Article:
Foswiki project blog
You are here: Blog » Extensions


The bridge plugin
Building a plugin and application to record and practice bridge hands

23 Nov 2017 | Bram van Oosterhout | 1 | Development, Extensions

I learned to play bridge about a year ago. To help the practicing of my bidding and playing I have written a plugin and a wiki application. This post talks about the decisions I made along the way. I hope it will help others to create and publish applications.

419970 33314492.jpgFor a long time we've talked about stitching a relational database into Foswiki, mainly to speed up query searches. To keep things simple Foswiki uses a text database, which stores topics in lots of individual files. By default searches are implemented by searching every one of these files for matching text. This isn't as bad as it sounds; searching is quite fast, but doesn't scale up terribly well, so people have coupled in various full-text search engines, such as Kinosearch, to accelerate text searches. However there's been very little successful work yet on speeding up query searches – which is a shame, because query searches are heavily used in most wiki applications. The problem has always been that it's difficult to map from a Foswiki search query to any kind of structured search language, such as SQL.

One approach (championed by WikiRing member Sven Dowideit) has been to support a wider range of queries in the text search engine. Using the code I wrote to map query searches to regular expressions, Sven has been able to couple Foswiki to the MongoDB database, with some pretty impressive results. This is already available as the MongoDBPlugin. Other approaches have tried to map Foswiki queries to other database search models, such as XQuery.

SQL is still the most mature query language, and the RDBMS that support it are among some of the most mature and robust software on the planet. It's important that Foswiki has solutions that fall into that comfort zone. To that end I have implemented a new module, the DBIStoreContrib, that maps from the Foswiki query language to SQL. This allows us to use many of the existing RDBMS, such as MySQL, SQLite and PostgreSQL, to accelerate queries. By caching topics into the database in parallel to the text database, we avoid the risk of data loss that has made people nervous of other wiki solutions that use RDBMS, such as Mediawiki, while still maximising search performance.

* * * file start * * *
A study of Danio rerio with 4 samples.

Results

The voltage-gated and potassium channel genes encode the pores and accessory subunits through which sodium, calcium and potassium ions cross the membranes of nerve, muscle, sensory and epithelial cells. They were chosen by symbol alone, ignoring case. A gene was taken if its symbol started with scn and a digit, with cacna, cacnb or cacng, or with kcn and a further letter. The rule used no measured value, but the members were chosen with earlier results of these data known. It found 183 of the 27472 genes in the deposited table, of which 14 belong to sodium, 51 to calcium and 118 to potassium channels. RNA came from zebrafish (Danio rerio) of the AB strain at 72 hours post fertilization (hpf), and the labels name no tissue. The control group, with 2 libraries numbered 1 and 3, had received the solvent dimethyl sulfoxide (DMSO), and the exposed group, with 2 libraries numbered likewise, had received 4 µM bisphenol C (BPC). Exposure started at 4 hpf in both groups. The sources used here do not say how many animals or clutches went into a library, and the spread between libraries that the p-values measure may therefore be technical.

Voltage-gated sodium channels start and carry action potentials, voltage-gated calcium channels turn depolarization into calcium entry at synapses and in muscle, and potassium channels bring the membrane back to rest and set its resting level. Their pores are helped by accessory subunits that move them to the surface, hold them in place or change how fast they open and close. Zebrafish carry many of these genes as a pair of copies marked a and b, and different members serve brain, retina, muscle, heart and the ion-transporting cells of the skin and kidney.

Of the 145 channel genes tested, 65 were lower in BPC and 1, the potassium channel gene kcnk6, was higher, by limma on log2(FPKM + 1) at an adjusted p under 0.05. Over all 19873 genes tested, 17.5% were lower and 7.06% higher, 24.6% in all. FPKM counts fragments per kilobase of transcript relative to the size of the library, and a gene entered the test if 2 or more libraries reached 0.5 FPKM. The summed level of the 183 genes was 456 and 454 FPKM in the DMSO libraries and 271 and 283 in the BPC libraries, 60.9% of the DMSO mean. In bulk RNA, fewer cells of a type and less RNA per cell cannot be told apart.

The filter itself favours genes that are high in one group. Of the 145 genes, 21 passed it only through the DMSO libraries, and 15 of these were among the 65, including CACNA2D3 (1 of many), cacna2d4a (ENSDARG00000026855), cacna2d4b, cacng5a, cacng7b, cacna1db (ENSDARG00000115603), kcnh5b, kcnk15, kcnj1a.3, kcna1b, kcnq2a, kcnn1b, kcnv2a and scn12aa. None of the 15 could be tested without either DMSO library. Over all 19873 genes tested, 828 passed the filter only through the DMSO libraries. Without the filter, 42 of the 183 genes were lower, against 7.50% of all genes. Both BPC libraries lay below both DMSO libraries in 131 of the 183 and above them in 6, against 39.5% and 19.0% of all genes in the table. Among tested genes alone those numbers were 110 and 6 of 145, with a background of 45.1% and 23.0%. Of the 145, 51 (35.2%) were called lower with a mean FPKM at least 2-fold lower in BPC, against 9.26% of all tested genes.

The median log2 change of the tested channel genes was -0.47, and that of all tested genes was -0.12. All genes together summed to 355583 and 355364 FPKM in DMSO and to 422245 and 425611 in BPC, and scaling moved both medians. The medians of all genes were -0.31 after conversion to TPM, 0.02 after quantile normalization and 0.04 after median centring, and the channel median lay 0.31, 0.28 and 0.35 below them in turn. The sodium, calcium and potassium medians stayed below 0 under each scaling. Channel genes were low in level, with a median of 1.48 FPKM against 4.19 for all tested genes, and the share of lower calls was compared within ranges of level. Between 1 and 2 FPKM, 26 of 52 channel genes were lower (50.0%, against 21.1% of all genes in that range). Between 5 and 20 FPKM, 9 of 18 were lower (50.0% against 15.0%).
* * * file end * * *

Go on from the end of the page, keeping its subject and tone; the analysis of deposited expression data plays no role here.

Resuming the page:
It's early days for this module, and there's still lots to do to optimise how it works, so watch this space! If you are interested, and have a development environment, then you can check out the DBIStoreContrib from the Foswiki Subversion trunk.

Foswiki – the very best wiki application platform – is taking another giant leap forward….

Tonight I have released the new and improved Kino Search extensions for Foswiki.

Kino Search is a Perl port of the Lucene indexed based search engine from Apache. It provides a very fast full text search across large amounts of data, plus the ability to use Google style operators.

The Foswiki implementation is made up of the KinoSearchContrib and the KinoSearchPlugin. Not only does this provide indexed search for topics, it also has the ability to index a number of attachments, including MS Office 2003 and 2007 documents and PDF's.

The KinoSearchContrib is the workhorse, providing the indexer and a script for the searching. The KinoSearchPlugin is a thin wrapper around it that hooks into Foswiki to provide a %KINOSEARCH% macro and support for indexing on immediately when a topic has been saved.

There are a number of improvements over the previous version of Kino Search for Foswiki, including:

  • Fast CGI and mod_perl support
  • Indexing MS Office 2007 files
  • Much more resilient indexing
    • In particular when indexing password protected files or when an incorrect file type is supplied (such as attaching a image and calling it myfile.txt)
  • Using more of the official Foswiki API
  • Improved documentation and templates

If your Foswiki install has grown to a size where the performance of the default search is starting to suffer then you will need this extension. Of course smaller wikis will also benefit from the attachment search.

The copyright of the content on this website is held by the contributing authors, except where stated elsewhere. See Copyright Statement. Creative Commons License
This page was cached on 22 Feb 2018 - 06:13.